The quote is taken from “An excellent vintage” movie directed by Ridley Scott, in 2006.

To make a “gentlemen agreement”, a gentleman must be “in the middle”. It could become complicated when the heads of state and government of 27 nations need to sit at the negotiating table to find an agreement on a Fund for the Recovery. But, it seems those were gentlemen - or at least reasonable people - because finally, last week, after days of long negotiations, an agreement was reached. And it was far from an obvious result, since the initial divergencies between the members of the European Union were severe, with the so-called frugal countries - the Netherlands, Sweden, Denmark, Austria and Finland - who wanted to place strong restrictions on the access to the resources.

The agreement established that to finance significantly the countries most affected by the pandemic, the European Commission will be able to issue common debt on the markets. We are talking about an important step in the history of Europe because it will create for the first time an actual Common Public Debt. The total appropriations will be equal to 750 billion euros and the resources will be disbursed in two ways: 390 billion will be distributed in the form of grants, while 360 billion will be loans. In terms of timing, the funds will be distributed between 2021 and 2023 (which we hope will be, in line with the title of Ridley Scott’s film, excellent vintages), and the Fund will remain alive until 2026. The repayment of the loans will begin in 2027.

The European Union will be able to exercise some form of control, even if the proposal made by the frugal nations, regarding a veto on expenses, has been rejected. To receive the funds, it will be necessary to present a Reform Plan, which will need the approval of the European Commission and the European Council, by a qualified majority. Besides, a potential temporary suspension of payments is foreseen in case of a suspected breach of the agreements.

From a macro point of view, in Germany the Ifo index (which measures the morale of German companies) was equal to 90.5 points in July, increasing from the 86.2 of the previous month and beyond the consensus of economists (89.3 points). The president of the Ifo institute, Clemens Fuest, underlined that the companies sentiment is consistently improving since this is the third consecutive month in which there is an increase. Also, he said that “the German Economy is recovering step by step”.

Meanwhile, turning to geopolitics, tensions are rising again between the United States and China, other than an agreement between gentlemen in this case. The markets, worried about a possible escalation, monitor the situation carefully. On Monday morning, the Chinese Government regained possession of the American consulate in Chengdu, vacated by US diplomats. This gesture represents the response of the People’s Republic to what happened to its consulate in Houston, recently closed due to the accusations of industrial and technological espionage brought by the States. Last Thursday, the American Secretary of State, Mike Pompeo, gave a very critical speech towards Beijing, pitting the “free world” against the Chinese Communist Party. The People’s Republic has rejected all accusations and, according to regime media, the United States is bringing relations “to the point of hysteria”. So far, however, Beijing’s reaction has been contained and proportional: it is not in the government’s interest to further tighten relations with the United States. Then it remains to be seen what will happen after the American presidential election in November.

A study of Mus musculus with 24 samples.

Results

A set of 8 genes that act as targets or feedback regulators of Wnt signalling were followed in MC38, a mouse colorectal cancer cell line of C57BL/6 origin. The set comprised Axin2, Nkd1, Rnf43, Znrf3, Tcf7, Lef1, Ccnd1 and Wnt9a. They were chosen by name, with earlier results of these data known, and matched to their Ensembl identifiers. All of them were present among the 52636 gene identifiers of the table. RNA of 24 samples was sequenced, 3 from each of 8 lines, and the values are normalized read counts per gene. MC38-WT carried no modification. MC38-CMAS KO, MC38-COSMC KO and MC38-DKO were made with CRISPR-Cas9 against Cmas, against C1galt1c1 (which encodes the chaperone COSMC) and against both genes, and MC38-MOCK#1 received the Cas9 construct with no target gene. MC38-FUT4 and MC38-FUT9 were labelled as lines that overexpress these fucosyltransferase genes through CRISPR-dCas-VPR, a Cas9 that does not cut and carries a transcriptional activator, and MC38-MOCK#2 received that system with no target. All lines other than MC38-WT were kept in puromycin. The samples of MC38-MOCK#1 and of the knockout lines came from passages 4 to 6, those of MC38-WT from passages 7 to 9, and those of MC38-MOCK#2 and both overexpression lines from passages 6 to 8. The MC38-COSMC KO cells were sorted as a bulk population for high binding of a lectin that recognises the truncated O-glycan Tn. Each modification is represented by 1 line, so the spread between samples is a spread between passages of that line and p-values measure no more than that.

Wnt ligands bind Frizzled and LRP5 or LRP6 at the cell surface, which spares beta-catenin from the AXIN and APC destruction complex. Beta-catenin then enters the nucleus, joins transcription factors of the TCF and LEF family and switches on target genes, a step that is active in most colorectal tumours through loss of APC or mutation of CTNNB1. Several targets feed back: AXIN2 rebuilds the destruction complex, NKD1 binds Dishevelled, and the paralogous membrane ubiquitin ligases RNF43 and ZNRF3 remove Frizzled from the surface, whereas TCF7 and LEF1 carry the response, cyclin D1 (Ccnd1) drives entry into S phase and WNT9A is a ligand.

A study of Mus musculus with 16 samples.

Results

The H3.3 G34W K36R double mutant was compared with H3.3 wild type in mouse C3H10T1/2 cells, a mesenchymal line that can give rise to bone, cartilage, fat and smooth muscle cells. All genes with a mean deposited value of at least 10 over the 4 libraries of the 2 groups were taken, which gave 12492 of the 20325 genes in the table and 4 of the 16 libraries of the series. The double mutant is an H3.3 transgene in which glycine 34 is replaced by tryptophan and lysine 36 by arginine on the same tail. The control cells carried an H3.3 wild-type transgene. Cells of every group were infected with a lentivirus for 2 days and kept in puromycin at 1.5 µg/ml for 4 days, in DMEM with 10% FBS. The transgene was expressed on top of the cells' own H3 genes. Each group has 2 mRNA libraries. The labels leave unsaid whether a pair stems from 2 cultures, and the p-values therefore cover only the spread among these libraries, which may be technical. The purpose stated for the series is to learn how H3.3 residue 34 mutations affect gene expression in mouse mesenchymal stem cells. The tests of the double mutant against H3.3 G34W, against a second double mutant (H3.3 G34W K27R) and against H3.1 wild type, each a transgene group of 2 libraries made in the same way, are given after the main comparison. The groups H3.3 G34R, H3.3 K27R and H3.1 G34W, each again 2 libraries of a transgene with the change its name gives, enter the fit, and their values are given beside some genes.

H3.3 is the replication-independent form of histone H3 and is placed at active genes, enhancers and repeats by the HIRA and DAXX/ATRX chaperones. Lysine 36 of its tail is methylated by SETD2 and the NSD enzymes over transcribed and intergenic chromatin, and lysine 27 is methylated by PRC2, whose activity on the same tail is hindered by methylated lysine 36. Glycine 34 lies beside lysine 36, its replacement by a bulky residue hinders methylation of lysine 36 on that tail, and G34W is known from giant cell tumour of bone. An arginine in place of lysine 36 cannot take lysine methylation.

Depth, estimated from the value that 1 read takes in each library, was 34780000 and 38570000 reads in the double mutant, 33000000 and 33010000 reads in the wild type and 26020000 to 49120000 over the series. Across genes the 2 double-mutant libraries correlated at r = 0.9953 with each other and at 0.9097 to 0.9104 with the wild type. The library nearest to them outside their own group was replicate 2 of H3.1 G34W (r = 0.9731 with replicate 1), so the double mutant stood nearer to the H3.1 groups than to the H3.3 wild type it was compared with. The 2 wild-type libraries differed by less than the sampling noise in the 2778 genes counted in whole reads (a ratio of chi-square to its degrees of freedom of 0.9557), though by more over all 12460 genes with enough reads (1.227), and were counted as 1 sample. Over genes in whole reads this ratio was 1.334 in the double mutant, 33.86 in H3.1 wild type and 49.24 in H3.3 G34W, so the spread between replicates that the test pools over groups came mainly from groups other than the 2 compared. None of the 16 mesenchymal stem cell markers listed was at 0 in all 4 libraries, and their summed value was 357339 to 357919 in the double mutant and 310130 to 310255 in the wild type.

On a macro level, durable goods orders in the United States continued to grow in June. According to the Department of Commerce (Bureau of the Census), the data showed an in- crease of 7.3%, which follows the + 15.1% of the previous month (data revised from + 15.8%). The result beat analyst estimates, which is an increase of 7.2%. The “core” figure, i.e. net of orders from the transport sector, marked an increase of 3.3% compared to +3.6% in the previous month and +3.5% of the consensus. On the other hand, if the defense sector is excluded, the figure is up 9.2% after a + 15.2% in May.